Jacky – “The lump was cancerous, quite large and aggressive.”
Jacqueline (“Jacky”) Sharp will never forget Melbourne Cup Day 2006. That was the day she was diagnosed with breast cancer at The Queen Elizabeth Hospital’s (TQEH’s) Breast Clinic.
Ironically, at the time, her only daughter, Gemma, was in Japan working as a breast cancer researcher.
“Earlier, our daughter had chosen a breast cancer topic for her Honours Year. In subsequent years, the subject became a part of our family life as I acted as proof reader for her research proposals and other projects,” said Jacky.
“Terms such as “mammosphere” and “estrogen receptor” became familiar to me in an academic and impersonal sense. Never, did I imagine though, that they would ever take on a real and personal relevance for me,” she said.
“Gemma was in Japan when I was diagnosed, but we did not tell her the news until she returned home a few weeks later. The irony of the situation was not lost on any of us. Our daughter, unwittingly, had been studying the very disease that her mother had now developed.”
This ‘irony’ however, became a blessing, as Jacky had her own personal source for the latest research and findings close at hand. Jacky admitted, “No matter how illogical or weird my cancer questions were, Gemma came up with answers that were reassuring and comforting.”
Jacky’s G.P. did not hesitate in referring her to TQEH’s Breast Clinic in Adelaide for very prompt attention the next day and an immediate and accurate diagnosis.
“95% of lumps found in the breast are benign, so I felt the odds were definitely in my favour,” said Jacky.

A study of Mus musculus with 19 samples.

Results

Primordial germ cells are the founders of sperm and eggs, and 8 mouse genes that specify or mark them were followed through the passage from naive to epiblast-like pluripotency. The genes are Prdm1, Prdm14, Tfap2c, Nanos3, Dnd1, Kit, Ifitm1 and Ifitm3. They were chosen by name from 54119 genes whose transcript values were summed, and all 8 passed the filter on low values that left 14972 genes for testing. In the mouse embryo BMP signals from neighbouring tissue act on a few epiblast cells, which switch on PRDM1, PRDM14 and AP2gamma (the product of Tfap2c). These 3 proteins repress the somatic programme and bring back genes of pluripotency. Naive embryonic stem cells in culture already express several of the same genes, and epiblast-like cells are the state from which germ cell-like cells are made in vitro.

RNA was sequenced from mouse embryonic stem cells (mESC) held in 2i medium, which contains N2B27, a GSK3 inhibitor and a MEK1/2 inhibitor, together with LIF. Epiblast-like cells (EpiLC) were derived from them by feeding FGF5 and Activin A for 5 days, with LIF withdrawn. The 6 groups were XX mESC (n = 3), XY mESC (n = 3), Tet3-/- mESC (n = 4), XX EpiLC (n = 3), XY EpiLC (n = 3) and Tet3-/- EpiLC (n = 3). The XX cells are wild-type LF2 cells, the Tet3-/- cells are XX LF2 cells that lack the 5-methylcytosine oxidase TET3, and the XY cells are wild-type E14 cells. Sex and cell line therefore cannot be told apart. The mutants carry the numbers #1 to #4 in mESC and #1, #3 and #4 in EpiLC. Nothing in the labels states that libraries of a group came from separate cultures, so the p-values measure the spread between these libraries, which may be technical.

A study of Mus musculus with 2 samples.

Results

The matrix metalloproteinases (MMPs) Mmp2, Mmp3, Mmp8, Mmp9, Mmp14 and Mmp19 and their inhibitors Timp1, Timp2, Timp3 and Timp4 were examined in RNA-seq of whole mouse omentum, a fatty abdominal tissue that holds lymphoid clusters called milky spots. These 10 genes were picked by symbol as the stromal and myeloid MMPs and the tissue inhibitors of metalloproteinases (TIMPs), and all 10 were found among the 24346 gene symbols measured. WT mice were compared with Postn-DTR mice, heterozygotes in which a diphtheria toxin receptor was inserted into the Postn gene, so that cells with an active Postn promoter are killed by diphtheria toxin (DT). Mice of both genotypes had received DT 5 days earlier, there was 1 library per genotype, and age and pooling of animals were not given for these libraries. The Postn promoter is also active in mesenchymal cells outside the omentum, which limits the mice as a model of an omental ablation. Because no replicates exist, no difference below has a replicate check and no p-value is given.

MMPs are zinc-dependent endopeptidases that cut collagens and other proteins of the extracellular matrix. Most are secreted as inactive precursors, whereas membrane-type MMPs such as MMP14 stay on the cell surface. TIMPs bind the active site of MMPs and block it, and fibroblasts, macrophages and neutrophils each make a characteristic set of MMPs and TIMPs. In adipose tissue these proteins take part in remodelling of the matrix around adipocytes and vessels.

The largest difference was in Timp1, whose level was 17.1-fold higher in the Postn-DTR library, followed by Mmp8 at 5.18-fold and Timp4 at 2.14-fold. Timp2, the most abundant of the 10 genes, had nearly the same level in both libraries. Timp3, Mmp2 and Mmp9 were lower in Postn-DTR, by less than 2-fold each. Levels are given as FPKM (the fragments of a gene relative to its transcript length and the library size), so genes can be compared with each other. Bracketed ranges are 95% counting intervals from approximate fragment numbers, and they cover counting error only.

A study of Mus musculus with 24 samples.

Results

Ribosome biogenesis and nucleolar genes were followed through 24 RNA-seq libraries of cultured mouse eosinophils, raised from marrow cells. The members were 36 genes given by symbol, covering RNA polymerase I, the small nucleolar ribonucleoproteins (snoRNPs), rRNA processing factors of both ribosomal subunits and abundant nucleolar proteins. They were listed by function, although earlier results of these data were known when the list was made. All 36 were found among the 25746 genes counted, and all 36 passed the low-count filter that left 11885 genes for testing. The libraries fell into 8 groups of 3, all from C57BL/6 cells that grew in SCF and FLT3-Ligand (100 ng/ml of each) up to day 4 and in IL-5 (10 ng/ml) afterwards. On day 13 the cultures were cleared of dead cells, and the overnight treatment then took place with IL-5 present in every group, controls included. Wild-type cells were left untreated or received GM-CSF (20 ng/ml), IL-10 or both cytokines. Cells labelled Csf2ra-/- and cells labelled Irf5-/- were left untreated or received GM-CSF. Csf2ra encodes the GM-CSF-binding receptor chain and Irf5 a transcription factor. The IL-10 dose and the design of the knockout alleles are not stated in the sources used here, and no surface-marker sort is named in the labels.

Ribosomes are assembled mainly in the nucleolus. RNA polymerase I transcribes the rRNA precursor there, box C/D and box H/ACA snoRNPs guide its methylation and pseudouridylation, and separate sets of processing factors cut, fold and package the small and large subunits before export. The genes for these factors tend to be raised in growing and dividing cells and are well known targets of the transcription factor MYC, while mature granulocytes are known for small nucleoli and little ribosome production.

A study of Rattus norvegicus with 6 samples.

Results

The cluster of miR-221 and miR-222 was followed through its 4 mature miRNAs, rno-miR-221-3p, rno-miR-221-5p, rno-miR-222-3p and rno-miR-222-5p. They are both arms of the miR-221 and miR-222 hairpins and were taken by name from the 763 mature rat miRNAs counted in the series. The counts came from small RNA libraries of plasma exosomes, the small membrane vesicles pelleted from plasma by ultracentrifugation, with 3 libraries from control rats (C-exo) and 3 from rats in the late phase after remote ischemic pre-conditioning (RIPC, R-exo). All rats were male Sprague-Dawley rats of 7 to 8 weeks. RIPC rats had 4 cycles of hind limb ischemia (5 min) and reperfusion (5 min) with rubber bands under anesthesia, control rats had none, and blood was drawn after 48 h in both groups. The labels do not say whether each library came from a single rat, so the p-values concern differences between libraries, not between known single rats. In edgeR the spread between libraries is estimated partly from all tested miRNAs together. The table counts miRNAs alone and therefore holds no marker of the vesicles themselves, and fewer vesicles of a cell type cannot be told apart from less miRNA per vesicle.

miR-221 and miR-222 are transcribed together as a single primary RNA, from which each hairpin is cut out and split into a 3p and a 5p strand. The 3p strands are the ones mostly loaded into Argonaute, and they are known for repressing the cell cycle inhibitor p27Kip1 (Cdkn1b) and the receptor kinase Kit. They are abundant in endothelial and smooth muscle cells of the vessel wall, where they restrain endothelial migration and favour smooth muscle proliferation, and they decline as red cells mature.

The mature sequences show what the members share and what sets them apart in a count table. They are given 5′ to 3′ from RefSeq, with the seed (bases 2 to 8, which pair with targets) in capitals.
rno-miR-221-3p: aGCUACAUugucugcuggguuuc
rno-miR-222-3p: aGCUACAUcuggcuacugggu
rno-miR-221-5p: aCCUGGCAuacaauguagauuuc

Despite this comforting thought, the attending doctor told her the lump was cancerous, quite large and aggressive in grade.
Even though the diagnosis at TQEH’s Breast Clinic was devastating, Jacky clung to the encouraging and positive comments and advice given by the clinic staff over the next few, uncertain weeks.
“When you are diagnosed, you are initiated into a well oiled system of care that takes you under its wing. TQEH’s Breast Clinic became the first link in what proved to be a long chain of treatment; surgery, then six months of chemotherapy and six weeks of radiotherapy revealed to me the resilience and unfailing good humour of fellow cancer patients, their families and the treating medical staff.”
“Staff became friends. On my birthday, while under-going a ray treatment session, the staff piped in the tune “Happy Birthday to You”. I was very touched by that gesture,” she remembered.
Eight years on from her diagnosis, Jacky describes her cancer experience in her life’s journey as merely a comma mark in a sentence, a blip.
“Sadly, for those less fortunate, with terminal/metastatic cancer, it often acts as a full stop. I was so lucky.”
“That is what I feel more than anything else the rare times I think of my brush with cancer.”
“I am an absolute advocate for breast self-examination, that how I found mine. It is dangerous to rely solely on a twice-yearly mammogram.”
Jacky is aware that the incidence of breast cancer is on the increase as life expectancy rises, among other factors.
“It’s incredibly important that medical research into breast cancer and other illnesses be well supported by as many of us as possible, for it is certain that every one of us will be touched by them in some way.”
“By donating money, no matter how small the amount, we can make a significant difference. As with me, you may end up helping yourself!”